Posted by – Steve Cohen, Director of Community Development
What do wise people do?
Financial guru Dave Ramsey often advises his radio listeners about the importance of reading and how the practice can transform lives. Simply put – the more you read, the more you learn. Ramsey found in his travels that the average millionaire reads one book a month. He concluded that maybe folks should do what millionaires do, if they wanted to be successful themselves. That sounded like good advice, so I decided to take on the challenge for Y2013.
The first book I read this year was Practical Wisdom: The Right Way To Do The Right Thing by Barry Schwartz and Kenneth Sharpe. It was recommended by a close friend’s father. This wise mentor felt the book should be required reading for all people in leadership positions. After studying it, I totally agree.
Schwartz and Sharpe focus their thesis on the observation that mastering human interactions involving care, kindness, and empathy is an important virtue. That people who are successful in the workplace and with their relationships often have what ancient Greek philosopher Aristotle called “practical wisdom,” which is a combination of moral will and moral skill.
In short, moral will is the desire to do right by others and moral skill is the ability to figure out what doing right means. Schwartz and Sharpe explain that a wise person knows when and how to “make the exception to every rule” and when and how to improvise.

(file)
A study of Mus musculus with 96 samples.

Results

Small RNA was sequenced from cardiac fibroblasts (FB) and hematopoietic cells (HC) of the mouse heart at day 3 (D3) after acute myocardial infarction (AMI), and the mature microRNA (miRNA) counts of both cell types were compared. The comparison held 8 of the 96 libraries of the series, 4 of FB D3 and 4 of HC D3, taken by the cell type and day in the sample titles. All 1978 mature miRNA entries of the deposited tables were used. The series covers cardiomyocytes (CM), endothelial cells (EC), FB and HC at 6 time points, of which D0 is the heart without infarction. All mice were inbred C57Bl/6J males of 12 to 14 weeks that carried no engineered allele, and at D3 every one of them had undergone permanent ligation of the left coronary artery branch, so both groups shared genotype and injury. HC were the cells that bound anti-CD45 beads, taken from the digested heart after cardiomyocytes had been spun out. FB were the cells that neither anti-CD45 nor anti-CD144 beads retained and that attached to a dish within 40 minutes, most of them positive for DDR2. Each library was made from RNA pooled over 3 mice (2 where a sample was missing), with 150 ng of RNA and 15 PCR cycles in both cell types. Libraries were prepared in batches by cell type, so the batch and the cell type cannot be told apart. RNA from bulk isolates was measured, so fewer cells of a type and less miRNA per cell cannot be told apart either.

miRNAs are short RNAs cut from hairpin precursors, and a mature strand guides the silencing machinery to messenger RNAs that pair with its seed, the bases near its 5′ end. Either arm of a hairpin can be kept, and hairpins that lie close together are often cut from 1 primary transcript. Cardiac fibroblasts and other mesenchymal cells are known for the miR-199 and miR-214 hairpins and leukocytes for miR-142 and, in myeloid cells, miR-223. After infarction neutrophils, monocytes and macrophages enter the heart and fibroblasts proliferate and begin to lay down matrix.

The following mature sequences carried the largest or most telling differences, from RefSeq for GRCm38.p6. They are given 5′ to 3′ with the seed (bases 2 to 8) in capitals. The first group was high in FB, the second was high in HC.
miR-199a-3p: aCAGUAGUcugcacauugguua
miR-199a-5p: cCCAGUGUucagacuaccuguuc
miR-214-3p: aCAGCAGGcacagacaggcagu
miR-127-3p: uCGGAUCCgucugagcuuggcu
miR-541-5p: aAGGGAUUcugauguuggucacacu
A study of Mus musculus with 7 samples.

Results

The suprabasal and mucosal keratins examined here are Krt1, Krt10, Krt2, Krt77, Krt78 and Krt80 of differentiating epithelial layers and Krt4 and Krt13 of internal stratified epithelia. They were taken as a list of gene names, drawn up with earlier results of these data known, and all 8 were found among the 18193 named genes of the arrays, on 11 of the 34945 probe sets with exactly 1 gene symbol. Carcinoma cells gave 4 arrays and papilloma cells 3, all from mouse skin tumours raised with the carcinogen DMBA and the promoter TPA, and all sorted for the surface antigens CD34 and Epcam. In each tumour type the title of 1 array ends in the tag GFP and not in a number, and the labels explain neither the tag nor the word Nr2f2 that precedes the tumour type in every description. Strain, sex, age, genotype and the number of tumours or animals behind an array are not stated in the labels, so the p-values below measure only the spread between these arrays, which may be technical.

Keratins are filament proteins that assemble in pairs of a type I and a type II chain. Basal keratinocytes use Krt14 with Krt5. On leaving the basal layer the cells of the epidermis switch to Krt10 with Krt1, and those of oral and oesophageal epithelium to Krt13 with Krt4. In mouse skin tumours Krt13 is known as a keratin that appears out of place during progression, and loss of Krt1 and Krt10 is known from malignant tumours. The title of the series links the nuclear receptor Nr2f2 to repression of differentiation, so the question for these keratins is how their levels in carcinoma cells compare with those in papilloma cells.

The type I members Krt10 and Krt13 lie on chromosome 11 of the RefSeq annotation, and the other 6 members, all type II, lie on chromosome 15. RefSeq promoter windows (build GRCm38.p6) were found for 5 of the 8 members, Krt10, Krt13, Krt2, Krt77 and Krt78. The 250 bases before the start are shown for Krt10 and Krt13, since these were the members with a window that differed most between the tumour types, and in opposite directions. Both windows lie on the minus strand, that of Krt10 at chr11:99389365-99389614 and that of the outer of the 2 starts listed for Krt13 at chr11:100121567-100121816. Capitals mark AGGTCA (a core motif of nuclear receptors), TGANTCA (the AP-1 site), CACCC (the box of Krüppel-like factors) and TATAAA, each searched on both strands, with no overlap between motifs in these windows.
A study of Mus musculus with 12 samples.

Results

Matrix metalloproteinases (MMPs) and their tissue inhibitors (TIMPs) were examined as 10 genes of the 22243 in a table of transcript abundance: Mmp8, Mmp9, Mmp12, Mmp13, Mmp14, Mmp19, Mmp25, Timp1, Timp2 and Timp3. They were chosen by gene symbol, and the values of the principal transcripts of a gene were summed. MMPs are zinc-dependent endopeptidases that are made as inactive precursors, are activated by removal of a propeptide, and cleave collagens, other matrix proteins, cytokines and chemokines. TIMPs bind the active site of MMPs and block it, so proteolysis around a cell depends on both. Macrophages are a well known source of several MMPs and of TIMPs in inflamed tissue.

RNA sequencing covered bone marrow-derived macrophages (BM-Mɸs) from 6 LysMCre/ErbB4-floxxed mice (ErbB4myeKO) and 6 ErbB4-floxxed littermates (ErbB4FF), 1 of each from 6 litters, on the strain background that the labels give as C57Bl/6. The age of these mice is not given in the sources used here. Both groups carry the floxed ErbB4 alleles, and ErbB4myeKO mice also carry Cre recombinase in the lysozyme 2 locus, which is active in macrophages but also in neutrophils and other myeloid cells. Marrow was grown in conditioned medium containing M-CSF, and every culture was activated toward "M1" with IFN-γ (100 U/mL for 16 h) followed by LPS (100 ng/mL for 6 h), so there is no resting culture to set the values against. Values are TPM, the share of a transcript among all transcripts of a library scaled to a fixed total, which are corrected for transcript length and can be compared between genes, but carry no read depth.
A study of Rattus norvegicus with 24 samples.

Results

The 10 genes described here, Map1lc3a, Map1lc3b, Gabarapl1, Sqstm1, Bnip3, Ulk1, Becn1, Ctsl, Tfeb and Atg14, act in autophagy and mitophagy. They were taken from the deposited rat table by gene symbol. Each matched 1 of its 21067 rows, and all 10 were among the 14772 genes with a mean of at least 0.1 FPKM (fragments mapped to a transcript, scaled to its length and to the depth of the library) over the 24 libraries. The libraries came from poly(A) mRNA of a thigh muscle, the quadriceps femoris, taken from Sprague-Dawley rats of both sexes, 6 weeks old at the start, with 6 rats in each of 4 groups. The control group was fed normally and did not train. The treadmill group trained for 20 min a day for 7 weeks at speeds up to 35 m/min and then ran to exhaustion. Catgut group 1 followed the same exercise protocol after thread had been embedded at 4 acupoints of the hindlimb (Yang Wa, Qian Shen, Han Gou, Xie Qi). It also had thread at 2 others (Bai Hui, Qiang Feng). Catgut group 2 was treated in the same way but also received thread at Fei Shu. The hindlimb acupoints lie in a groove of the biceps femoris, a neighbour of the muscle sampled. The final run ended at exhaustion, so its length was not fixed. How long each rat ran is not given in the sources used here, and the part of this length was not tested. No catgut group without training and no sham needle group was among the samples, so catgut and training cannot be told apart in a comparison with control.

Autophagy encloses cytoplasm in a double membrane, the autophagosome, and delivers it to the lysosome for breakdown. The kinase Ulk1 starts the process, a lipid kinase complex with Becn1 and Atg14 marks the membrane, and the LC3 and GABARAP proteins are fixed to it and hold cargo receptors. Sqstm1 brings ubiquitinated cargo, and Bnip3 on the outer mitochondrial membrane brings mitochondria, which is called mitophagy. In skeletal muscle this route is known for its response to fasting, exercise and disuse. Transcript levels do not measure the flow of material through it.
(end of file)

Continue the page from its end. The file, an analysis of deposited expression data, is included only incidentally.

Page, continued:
They point out that …
- A wise person is made through experience, not born. It takes a lot of time, mistakes, and energy to learn how to care for people.
- That practical wisdom is kind of like “moral jazz.” Our interactions with people often depend on rules and incentives – like the notes on a page and basic melodies in jazz. But, rules and incentives by themselves can’t fully guide someone to do the right thing.
- Thus, moral improvisation in how we interpret and play around the notes and melodies on the song sheet of our everyday lives is a critical skill.
This excellent book concludes with the thought that people want to be allowed to be virtuous in the workplace and society. Schwartz and Sharpe called them “system changers.” People are happiest when they have permission to transform the places they serve for the better, while helping others as they do it. That’s what we were made to do! Rules and incentives are no substitute for wisdom. In fact, there’s no substitute for wisdom.
So, maybe reading one book a month would be a good endeavor for all of us. This one could be an excellent start for you. You can never gain too much wisdom.